After shunning public ownership because reporting quarterly financials didn’t mesh with its business, fuel cell trucking startup Nikola Corp. pivoted Tuesday to merge with VectoIQ, a NASDAQ-listed investment fund that will replace private equity scared off by poorly managed startups.
“WeWork really ruined a lot of things for the private market,” Nikola CEO Trevor Milton told FreightWaves on Tuesday. “In my network, there are probably a dozen or two really awesome entrepreneurs, and every one of them said the capital just became incredibly difficult after WeWork.”
A commercial real estate company that provides scalable shared workspaces for technology startups, WeWork has been in turmoil since it filed its public-offering paperwork in August 2019. The coworking company cut its valuation to as low as $10 billion from $47 billion, removed its CEO, and indefinitely delayed its initial public offering.
Private equity skeptics
“The first thing investors would do is come in and say, … ‘Why are you not another WeWork?’” Milton said. “What ended up happening is that investors said, ‘We want more clarity, we want more transparency.’ It kind of changed, where all the investors want you to be public right now.”
Going public at such an early stage has risks, said Mike Ramsey, an analyst with Gartner Inc. who covers electrification and autonomous vehicle technology.
“While it opens up more fundraising opportunities, it also requires financial disclosures that might not paint a great picture,” Ramsey told FreightWaves. “It also opens a company to much more scrutiny in general as there is a new class of owners.”
Money in the bank
Nikola, which plans to produce battery-electric heavy-duty trucks in Europe beginning in 2021 followed by hydrogen-powered fuel cell electric Class 8 trucks in the United States in early 2023, has attracted significant investment, including a $250 million D round led by British industrial conglomerate CNH Industrial N.V. (NYSE: CNHI).
VectoIQ, valued at $230 million, will take the Nikola name and create a new NASDAQ listing, NKLA, if it gets U.S. Securities and Exchange Commission approval. Milton said that is expected within two months.
Nikola will have a $3.3 billion valuation and immediate access to an estimated $700 million in cash.
In a private investment in public equity (PIPE) deal, institutional investors, including Fidelity Management & Research Co., ValueAct Spring Fund and P. Schoenfeld Asset Management LP, committed $525 million to purchase shares at $10 each, below VectoIQ’s Tuesday closing price of $11.50.
“It’s the single-best shareholder base you could ever dream of,” Milton said.
That money, plus most of VectoIQ’s $230 million, will be available to Nikola when the merger closes.
Including the $250 million raised in Nikola’s D Round, the company will have about $1 billion to invest in its portfolio of zero-emission battery-electric vehicle (BEV) and hydrogen fuel-cell electric vehicles (FCEV), Milton said.
A proper marriage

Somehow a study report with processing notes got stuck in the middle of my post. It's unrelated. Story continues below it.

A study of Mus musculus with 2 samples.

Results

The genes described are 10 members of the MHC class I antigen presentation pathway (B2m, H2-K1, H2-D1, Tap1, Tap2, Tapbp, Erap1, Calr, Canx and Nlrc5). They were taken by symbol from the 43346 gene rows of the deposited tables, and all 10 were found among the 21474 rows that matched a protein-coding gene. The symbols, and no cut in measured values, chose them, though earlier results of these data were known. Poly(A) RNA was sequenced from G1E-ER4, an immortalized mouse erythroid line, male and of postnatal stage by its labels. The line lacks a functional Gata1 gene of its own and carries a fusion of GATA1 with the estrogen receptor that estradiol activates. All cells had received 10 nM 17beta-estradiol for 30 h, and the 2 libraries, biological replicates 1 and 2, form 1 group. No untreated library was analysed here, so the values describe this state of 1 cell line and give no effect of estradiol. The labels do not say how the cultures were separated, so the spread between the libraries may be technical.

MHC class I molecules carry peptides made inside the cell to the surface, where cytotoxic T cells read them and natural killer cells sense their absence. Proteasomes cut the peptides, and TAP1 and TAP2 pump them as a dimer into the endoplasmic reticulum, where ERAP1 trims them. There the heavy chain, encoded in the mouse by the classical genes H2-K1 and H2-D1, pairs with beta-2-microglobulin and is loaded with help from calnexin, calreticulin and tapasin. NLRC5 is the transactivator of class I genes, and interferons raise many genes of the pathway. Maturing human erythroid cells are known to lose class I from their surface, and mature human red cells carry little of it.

VectoIQ CEO Steve Girsky, a longtime Wall Street deal maker and former General Motors Co. vice chairman, wanted the right merger partner aligned with his automotive industry expertise.
“These investors said, ‘We want you to go out and find the perfect company to merge with,’” Milton said. “They went through hundreds of deals. When he found us, [Steve] was like, I’ve been looking for this for two years. We’ve got to do this.”
Phoenix-based Nikola also will use the money to build out a hydrogen station infrastructure to provide green fuel for its Class 8 trucks at a price competitive with diesel. Nikola has more than 14,000 pre-orders valued at $10 billion, including an order for 800 trucks from Anheuser-Busch.
Nikola recently entered a joint venture with European industrial vehicle manufacturer IVECO to build its Nikola Tre battery-electric truck for European customers beginning in 2021. Nikola will electrify the chassis of an existing IVECO truck, which will make its first appearance this fall at the IAA truck show in Hanover, Germany.
In a presentation for analysts Tuesday, Nikola revealed several of the financial projections that are the basis of its business case.
For example, the all-in costs of a hydrogen station, including land, building and electrolyzers to make hydrogen on site, total $16.6 million. Hydrogen refueling takes about the same amount of time as fueling with diesel. It is the total addressable market for trucks that makes the numbers work, Nikola executives said on the call.
Nikola will lease its trucks for seven years, including hydrogen and maintenance, for about $645,000. If all the current pre-orders are converted, it expects to show $3 billion in revenue by 2024.
Companies like Tesla (NASDAQ: TSLA) and Nikola are “transforming transportation as we know it,” Milton said.
“We’re both the only ones that refuse to dabble in diesel and everything else,” he said. “Every other group out there is still pumping through billions of dollars worth of diesel and gas vehicles, and then they use the zero emissions as a face mask.”